Interstitial Lung Disease
The Interstitial Lung Disease (ILD) also known as the Diffuse Parenchymal Lung Disease (DPLD) refers to a group of lung diseases affecting the interstitium (the tissue and space around the air sac of the lungs) . The term ILD is used to differentiate these diseases from the obstructive airways diseases. Most types of ILD involve fibrosis which now carries the new term know as Idiopathic Pulmonary fibrosis.
Signs and Symptoms
- External breathlessness (dyspnea)
- Sputum Production
- Nonrespiratory symptoms such as myalgia, arthralgia, sclerodactyly.
The Interstitial Lung Disease is caused by several inhaled substances. These inhaled substances are inorganic and may include Silicosis, Asbestosis, Bertylliosis. Another cause is the organic substances such as Hypersensitivity pneumonitis. Drug induced is another cause for the ILD virus, examples are antibiotics, Chemotherapeutic drugs and Antiarrhythmic agents. Connective tissue diseases such as systemic sclerosis, Polymyositis, Dermatomyositis, Systemic lupus erythematosus, Rheumatoid arthritis are also contributors to the Interstitial Lungs Disease.
Infections such as atypical pneumonia, Pneumocysis Pneumonia (PCP) and Tuberculosis are seen as prone diseases which are deem to contribute to the spread of the diseases. Also Idiopathic such as Sarcoidosis, Idiopathic pulmonary fibrosis, and Hamman Rich Syndrome as well as the Malignancy known as Lymphangitic Carcinomatosis and patient with pneumocystis pneumonia are also known as leading contributors to the development of the disease.
Oxygen Therapy – Because of the nature of the disease (hypoxemia is common in ILD, supplemental) oxygen therapy is often prescribed, although it has not been studied as extensively as in chronic obstructive pulmonary disease. However, Patients with ILD should have arterial oxygen saturation determined at rest and especially during exertion, because many patients with only mild disease desaturate with exertion despite normal saturation at rest.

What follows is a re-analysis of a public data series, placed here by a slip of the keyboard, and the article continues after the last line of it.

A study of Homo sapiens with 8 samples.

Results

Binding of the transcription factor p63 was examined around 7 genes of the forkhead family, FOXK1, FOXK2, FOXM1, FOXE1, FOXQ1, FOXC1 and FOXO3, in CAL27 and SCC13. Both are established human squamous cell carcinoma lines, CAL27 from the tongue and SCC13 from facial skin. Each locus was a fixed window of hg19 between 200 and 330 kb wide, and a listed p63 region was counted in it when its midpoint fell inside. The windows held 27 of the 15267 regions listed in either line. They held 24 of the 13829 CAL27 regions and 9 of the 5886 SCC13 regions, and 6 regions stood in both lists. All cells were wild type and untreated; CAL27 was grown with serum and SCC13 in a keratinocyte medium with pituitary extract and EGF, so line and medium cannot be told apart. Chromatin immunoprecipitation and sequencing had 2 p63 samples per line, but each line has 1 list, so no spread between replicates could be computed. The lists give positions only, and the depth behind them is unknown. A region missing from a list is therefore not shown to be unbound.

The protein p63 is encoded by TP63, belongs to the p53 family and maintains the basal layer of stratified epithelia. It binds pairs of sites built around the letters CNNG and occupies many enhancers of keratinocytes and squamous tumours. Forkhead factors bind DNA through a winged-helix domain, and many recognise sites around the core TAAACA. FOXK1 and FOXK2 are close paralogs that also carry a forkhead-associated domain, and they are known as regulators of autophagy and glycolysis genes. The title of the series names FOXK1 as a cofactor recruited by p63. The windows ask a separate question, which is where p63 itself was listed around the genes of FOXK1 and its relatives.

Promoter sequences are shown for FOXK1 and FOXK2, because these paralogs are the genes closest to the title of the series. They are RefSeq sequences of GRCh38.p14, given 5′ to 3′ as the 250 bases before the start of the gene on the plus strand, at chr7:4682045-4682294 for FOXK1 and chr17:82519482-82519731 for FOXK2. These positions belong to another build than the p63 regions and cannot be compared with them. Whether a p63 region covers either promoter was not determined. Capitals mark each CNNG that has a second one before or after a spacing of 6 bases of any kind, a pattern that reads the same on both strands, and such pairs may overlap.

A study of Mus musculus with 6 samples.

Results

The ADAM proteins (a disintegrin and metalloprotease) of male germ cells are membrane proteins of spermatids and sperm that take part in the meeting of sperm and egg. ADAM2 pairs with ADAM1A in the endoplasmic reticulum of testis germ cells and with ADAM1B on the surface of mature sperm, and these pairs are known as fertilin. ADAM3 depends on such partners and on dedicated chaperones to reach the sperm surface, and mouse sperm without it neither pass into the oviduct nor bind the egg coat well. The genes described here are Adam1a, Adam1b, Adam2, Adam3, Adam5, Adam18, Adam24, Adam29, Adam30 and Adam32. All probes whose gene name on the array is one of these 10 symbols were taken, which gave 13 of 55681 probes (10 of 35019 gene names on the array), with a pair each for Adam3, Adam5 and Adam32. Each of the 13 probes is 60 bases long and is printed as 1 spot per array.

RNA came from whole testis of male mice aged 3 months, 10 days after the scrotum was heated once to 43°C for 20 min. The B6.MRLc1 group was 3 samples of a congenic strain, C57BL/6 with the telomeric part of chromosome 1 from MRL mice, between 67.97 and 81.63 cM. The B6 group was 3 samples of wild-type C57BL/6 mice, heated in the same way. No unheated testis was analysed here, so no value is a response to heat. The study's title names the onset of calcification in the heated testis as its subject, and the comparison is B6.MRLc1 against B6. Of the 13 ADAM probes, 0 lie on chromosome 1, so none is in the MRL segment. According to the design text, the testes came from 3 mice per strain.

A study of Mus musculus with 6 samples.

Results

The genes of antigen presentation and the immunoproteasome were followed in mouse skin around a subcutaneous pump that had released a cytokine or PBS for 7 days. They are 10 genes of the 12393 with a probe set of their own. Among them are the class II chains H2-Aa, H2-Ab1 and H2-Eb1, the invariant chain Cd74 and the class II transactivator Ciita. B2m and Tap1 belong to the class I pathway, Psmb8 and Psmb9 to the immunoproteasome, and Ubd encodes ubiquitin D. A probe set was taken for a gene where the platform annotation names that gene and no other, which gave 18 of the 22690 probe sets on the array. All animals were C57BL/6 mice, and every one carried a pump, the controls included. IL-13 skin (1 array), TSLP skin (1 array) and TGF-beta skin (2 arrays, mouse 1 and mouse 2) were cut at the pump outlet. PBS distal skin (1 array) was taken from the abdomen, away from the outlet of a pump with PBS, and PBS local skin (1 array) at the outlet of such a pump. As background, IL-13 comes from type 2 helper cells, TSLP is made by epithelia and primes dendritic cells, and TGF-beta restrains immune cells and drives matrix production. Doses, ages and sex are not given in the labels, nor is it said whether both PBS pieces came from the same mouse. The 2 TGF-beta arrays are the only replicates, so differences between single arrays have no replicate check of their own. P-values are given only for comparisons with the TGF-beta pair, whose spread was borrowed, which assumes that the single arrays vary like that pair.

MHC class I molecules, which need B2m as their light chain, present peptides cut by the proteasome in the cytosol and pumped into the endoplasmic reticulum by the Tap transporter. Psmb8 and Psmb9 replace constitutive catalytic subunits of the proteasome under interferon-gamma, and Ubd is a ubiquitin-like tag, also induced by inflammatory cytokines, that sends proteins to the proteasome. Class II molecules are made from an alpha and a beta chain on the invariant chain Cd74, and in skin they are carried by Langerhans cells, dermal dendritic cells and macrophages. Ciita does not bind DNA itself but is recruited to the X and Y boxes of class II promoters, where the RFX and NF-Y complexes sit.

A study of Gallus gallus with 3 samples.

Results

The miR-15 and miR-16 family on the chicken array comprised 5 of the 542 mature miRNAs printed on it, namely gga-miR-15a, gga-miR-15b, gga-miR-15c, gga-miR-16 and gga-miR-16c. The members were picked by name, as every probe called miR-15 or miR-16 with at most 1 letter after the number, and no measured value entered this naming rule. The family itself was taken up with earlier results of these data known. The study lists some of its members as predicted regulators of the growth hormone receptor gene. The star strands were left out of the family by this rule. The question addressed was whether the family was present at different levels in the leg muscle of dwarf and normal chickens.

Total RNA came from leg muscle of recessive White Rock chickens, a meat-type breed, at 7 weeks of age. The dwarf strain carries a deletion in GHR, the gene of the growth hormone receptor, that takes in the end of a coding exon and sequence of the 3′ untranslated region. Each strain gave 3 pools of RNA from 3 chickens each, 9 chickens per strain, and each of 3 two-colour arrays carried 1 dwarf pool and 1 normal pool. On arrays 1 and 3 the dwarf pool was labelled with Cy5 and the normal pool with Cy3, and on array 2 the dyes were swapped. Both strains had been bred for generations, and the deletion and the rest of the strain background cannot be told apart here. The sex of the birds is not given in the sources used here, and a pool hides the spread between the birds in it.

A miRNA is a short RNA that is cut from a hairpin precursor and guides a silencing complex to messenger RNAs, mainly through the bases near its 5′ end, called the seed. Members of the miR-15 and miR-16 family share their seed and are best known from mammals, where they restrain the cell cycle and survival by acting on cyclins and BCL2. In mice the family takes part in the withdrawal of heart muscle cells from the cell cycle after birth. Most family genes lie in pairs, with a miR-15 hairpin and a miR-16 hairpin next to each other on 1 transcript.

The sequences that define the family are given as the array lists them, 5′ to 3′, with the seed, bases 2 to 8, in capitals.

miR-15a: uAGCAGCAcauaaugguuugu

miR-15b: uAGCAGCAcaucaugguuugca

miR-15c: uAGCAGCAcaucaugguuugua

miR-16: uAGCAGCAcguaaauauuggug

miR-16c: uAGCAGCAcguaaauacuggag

Pulmonary Rehabilitation Exercise Therapy – Pulmonary rehabilitation is important in building aerobic fitness, maintaining physical activity, and improving quality of life. We encourage all of our patients to enroll in outpatient pulmonary rehabilitation and to continue maintenance therapy.
Vaccinations and Infection Avoidance – patients with ILD should receive a pneumococcal vaccine per the Centers for Disease Control and Prevention (CDC) guidelines and a yearly influenza virus vaccine. Additionally, we recommend that patients practice good hand hygiene (e.g., frequent hand washing). We do not recommend the use of masks or special antibacterial products. Patients treated with certain specific immunosuppressive regimens should receive Pneumocystis prophylaxis.
Transplantation – Transplantation has been performed successfully in the management of most ILDs. Enthusiasm for the procedure is tempered by the significant risk of mortality at 1 year (10%-25%) and 5 years (50%-60%). Many patients with ILD are older than the upper age limit of 65 years. Comorbidities such as gastro esophageal reflux disease, common in a number of ILDs, preclude lung transplantation due to the increased risk of chronic rejection and death.